FAQs: The Building Safety Act - Registration of High Risk Buildings
Let’s get started and explore the ins and outs of this process:
This new act has been brought about to enhance the regulatory system governing buildings to ensure better safety and a stronger voice for building occupants.
Following the Grenfell tower fire and the Edinburgh school closures in 2017, an independent review of building and fire safety carried out by Dame Judith Hacket proposed that current fire safety in high rises were not fit for purpose and that a clear culture change was required with respect to relative responsibilities of building owners and those responsible for building maintenance.
- A building of seven-storeys or 18 metres high which incorporates at least two residential units, a care home or hospital
- Care homes and hospitals are exempt from the requirement to register as this is done through the Care Quality Commission
- Exemptions can include: secure residential units, hotels and military barracks
The Building Safety Act became law in 2022 and registration of relevant buildings is a legal requirement.
This is to be done by the Accountable Person (AP). This is the individual or organisation that owns the building or is responsible for the maintenance of the building. Where there is more than one AP, a Principal AP will need to be nominated.
All occupied buildings must be registered by 30 September 2023.
After 1 October 2023 all new high-risk buildings must be registered on completion.
Not registering relevant buildings will be a criminal offence punishable by up to two years in prison and a fine.
Building information will be input into a government website portal. The information required at this stage is:
- No. of AP or PAP and which parts of the building they are responsible for
- The no. of floors at or above ground level
- Building height in meters
- The no. of residential units
- Year of building completion
- It’s address or addresses
- Building type - single, connected or structure of multiple parts
- If the building was completed by the 6 April 2023, the date and reference number of the building control completion certificate and the body who issued the certificate
- Registration fee.
After registration you will be asked for “Key Building Information (KBI)”, including:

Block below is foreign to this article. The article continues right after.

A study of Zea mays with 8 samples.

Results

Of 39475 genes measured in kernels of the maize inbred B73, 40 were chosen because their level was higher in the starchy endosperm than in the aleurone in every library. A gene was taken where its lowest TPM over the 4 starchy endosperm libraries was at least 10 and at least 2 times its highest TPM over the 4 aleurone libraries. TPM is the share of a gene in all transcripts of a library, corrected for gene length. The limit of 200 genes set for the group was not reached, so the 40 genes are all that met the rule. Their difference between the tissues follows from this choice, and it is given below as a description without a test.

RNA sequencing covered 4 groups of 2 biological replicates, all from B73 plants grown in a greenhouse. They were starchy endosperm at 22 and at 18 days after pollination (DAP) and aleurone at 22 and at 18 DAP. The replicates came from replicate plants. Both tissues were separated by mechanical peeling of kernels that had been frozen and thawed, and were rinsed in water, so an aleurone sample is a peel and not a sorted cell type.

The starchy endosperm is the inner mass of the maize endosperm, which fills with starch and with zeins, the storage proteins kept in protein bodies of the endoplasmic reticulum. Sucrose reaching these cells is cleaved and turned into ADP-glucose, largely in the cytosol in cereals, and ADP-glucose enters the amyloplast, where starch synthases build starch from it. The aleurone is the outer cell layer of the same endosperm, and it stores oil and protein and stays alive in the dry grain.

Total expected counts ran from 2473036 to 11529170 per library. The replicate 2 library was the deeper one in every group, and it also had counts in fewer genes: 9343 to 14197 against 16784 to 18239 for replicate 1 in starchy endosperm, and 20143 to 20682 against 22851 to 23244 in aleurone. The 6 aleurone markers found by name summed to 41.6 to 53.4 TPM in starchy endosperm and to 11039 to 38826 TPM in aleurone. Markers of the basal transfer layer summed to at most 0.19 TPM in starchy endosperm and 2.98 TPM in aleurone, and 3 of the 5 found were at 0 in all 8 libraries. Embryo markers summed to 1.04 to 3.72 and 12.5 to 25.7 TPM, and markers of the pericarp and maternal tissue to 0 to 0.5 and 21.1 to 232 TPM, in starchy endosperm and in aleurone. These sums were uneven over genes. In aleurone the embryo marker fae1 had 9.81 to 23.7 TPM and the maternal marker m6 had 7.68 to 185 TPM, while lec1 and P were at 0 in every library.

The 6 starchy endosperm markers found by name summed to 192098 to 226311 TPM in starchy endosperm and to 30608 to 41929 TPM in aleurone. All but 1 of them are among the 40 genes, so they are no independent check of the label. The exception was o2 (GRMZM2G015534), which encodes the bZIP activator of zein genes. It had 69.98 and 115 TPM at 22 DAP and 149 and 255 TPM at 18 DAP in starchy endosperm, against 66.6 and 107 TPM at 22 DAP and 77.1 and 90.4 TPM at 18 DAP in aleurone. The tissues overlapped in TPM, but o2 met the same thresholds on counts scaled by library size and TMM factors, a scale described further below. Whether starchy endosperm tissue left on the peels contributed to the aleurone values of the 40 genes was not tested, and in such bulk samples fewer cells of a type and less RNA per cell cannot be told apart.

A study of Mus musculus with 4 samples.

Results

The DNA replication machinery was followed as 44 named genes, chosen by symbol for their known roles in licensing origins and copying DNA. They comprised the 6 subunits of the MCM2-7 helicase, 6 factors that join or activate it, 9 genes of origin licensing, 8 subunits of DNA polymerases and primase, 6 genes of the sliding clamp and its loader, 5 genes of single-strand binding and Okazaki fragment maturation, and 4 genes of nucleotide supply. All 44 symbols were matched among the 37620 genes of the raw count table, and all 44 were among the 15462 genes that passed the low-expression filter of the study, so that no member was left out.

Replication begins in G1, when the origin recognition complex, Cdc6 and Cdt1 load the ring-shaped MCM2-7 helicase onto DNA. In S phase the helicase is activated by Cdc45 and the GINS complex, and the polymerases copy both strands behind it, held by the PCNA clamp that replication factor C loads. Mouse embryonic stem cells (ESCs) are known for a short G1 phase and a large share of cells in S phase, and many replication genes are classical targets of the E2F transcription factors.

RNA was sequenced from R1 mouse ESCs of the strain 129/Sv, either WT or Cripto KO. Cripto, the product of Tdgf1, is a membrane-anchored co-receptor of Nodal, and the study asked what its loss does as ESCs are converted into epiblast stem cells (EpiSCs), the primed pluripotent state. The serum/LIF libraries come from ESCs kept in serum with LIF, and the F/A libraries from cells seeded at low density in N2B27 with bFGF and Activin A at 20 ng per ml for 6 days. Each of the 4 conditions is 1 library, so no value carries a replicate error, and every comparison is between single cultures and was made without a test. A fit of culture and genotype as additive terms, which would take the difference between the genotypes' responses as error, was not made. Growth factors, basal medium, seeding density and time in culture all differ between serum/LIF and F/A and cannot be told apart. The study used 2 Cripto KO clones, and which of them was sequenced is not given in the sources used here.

- Any ancillary buildings
- Building usage e.g. residential, office, commercial, shop, recreational, industrial or storage
- Basement provision and usage
- Building materials used and percentage split of building material
- Insulation materials. If more than one type is used, the percentage split must be stated
- Roof type, pitch, insulation and waterproofing
- Any fixtures attached to the building and the materials that have been used for these
- The number of staircases
- Type of energy supply and energy storage to the building
- A list of fire and smoke equipment and their locations in the building
- Building evacuation strategy.
This needs to be submitted within 28 days of registration.
The Building Safety Regulator will instruct you to make an application for a Building Safety Assessment. This will include the provision of a safety case, mandatory occurrence reporting system and a resident engagement strategy.
The HSE require that you make all efforts to obtain the information required or at least show the steps you have taken to obtain all necessary information.
This is a study of all the potential fire and structural hazards within your building. The safety case has to show what these potential risks are and how they are managed. Usually this will involve a fire and structural survey.
The appointed person/principal appointed person must establish and operate an effective mandatory occurrence reporting system. This system should:
- Be known to, understood by and accessible to AP’s / PAP’s
- Form an ongoing integral and regular part of the building safety risks management process
- Maintain a “whole of building” approach and be built to allow for urgent safety reporting
- Identify and capture safety occurrences
- Enable safety occurrences to be formally reported to the Building Safety Regulator.
The resident engagement areas are:
- Providing residents with building safety information
- A resident’s engagement strategy
- Contravention notices.
The AP/PAP is responsible for maintaining a “Golden Thread” of building information. This is essentially an accurate information trail of all building information and works carried out. This information must be held digitally.